For those who care about the doped up world of cycling, the World Anti-doping Agency (WADA) has found no evidence to support Alberto Contador’s claim that contaminated meat was responsible for his positive doping test.
Sapa-AFP reports the Tour de France champion was provisionally suspended following a positive test for clenbuterol, a banned weight loss/muscle-building drug.
The Spanish rider has claimed that the positive result, which followed a doping test during the Tour de France in July, was the result of eating contaminated meat.
But a report by WADA obtained by the newspaper El Pais said its experts visited the butcher’s shop in northern Spain where the meat was purchased and the slaughterhouse that supplies it, and found no evidence of clenbuterol in any of its products.
"None of the inspections, none of the tests on samples of meat found traces of clenbuterol, a banned drug used to fatten cattle quickly," El Pais said.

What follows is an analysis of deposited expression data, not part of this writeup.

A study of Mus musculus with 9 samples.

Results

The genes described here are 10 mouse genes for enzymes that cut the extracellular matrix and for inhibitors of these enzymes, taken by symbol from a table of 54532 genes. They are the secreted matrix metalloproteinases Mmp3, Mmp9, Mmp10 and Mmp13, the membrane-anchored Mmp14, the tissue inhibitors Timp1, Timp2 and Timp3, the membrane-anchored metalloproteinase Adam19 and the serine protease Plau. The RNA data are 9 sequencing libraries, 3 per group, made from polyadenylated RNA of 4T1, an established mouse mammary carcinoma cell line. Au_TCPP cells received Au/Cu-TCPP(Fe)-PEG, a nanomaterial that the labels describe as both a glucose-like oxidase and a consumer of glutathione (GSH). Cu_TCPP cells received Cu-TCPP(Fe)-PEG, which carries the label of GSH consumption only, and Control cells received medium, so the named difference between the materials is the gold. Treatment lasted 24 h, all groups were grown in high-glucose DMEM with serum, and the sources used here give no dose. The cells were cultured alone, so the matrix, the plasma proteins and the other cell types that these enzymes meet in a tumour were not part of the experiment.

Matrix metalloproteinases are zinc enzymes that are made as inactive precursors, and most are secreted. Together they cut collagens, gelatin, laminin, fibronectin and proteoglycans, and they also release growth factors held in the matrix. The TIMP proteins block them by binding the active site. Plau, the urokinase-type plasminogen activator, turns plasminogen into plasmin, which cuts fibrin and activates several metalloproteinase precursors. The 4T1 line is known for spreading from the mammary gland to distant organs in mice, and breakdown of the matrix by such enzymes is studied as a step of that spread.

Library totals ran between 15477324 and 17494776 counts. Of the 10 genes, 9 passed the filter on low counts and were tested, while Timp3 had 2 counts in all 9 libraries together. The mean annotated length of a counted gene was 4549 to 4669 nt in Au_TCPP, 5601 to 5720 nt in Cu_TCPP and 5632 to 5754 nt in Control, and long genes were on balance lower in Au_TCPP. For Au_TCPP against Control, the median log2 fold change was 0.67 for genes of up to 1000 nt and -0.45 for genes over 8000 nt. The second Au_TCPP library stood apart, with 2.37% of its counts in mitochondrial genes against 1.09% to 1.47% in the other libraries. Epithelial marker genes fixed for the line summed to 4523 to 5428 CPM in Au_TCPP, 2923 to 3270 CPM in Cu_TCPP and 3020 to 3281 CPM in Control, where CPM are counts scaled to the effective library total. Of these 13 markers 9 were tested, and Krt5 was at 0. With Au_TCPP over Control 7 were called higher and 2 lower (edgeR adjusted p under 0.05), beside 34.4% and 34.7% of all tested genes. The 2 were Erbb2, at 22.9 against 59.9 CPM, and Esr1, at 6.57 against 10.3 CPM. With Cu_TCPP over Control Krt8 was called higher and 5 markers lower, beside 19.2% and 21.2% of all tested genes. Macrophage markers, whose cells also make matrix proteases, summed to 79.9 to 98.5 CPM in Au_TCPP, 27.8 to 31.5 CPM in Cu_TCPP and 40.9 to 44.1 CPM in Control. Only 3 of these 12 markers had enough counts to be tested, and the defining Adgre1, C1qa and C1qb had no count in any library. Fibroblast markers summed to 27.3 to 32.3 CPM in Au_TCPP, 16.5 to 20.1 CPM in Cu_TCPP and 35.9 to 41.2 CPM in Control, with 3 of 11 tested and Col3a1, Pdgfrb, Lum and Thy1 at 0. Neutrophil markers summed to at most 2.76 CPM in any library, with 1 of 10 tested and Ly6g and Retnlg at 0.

The report also cited a European Union study from 2008 in which experts tested 300,000 meat samples but found evidence of the possible use of clenbutorol in only one of those.
"Obviously, farmers who cheat will never slaughter their illegally fattened cattle until about 20 days after the last dose of clenbuterol for two reasons: to avoid being caught by checks on the meat and to allow the anabolic steriod to have its full fattening-up effect," the WADA report said, according to El Pais.
If suspended for two years, the 27-year-old has threatened to quit the sport.